Sign #1: You stick to a budget
When you rent, you generally do not have to worry about incidental expenses, such as replacing an air conditioning unit or spending half your paycheck on a new water heater. As a renter, your landlord took care of these unexpected emergencies. With a house, however, you are on your own. If something breaks, it is your job to fix it or replace it. Without a solid budget in place, you might feel like you are forever putting out fires with your hard-earned cash. Budgeting allows you to manage your incoming and outgoing cash, so you know exactly how much house you can really afford.
Sign #2: You have saved money for a down payment and closing costs
If you are going with a traditional mortgage, you will need to put down 20 percent cash toward the purchase of your home. For example, if you are buying a $150,000 house, you will need a down payment of $30,000. If this is out of your reach, there are other financing options available, such as an FHA loan. Guaranteed by the federal government, these loans allow buyers to purchase homes for as little as 3.5 percent down. If you go this route, however, you will end up with a higher monthly payment. You will also most likely have to pay mortgage insurance, which protects your lender if you default on your loan.
You must also factor in closing costs, which generally make up between 3 and 6 percent of the home’s purchase price. In many home sales, however, sellers agree to bear these costs.
Sign #3: You have a stable career
Taking out a mortgage is a huge commitment. If you default, the damage to your personal credit can stop you from making other significant purchases for years to come. Foreclosure can also cost you thousands of dollars, bad credit, and a damaged reputation. If your lender obtains a court judgment against you, it can even garnish your wages. Before you purchase, consider whether you have the job stability to maintain a consistent cash flow. If your paycheck is unreliable, it is not a good time to buy.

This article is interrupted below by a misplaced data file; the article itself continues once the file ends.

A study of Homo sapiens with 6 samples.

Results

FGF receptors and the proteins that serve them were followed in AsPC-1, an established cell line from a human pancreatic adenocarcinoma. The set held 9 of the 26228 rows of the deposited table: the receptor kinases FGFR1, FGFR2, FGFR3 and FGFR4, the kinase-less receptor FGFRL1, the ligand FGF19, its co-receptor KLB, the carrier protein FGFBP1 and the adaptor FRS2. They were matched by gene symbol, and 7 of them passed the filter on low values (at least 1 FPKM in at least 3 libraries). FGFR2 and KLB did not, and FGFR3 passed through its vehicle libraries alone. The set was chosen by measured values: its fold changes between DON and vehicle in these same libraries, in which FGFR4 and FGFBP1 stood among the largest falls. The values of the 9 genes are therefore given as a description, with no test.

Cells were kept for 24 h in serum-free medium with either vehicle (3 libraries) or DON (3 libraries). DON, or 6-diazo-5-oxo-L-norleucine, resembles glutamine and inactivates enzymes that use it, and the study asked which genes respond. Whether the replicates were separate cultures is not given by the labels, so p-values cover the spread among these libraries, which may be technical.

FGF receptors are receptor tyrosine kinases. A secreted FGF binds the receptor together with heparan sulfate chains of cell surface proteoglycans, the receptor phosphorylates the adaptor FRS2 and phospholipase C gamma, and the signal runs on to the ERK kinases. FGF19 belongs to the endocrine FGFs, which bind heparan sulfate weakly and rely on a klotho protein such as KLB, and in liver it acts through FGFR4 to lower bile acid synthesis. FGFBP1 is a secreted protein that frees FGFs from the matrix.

Sign #4: You have a healthy emergency fund
Life always throws curveballs. An unexpected health crisis, a new baby, or a divorce can leave you reeling emotionally as well as financially. If you need to take time off work for an extended period, make sure you have the reserve funds to continue paying your mortgage on time.
Sign #5: You are not burdened by debt
When you apply for a mortgage, lenders take a hard look at your debt-to-income ratio. This figure shows how much money you are bringing home versus how much you are paying out. According to generally accepted industry standards, your total debts, including your mortgage, should not consume more than 36 percent of your monthly income. Having a bunch of credit cards siphoning away your income each month, consider paying them down before you apply for a mortgage.
If one or two signs are missing from your checklist, all is not lost. If you truly want to own your own home, you can always find a way to realize your dream. Whether you create a detailed budget or pay off some old debt, your path to home ownership might be shorter than you think.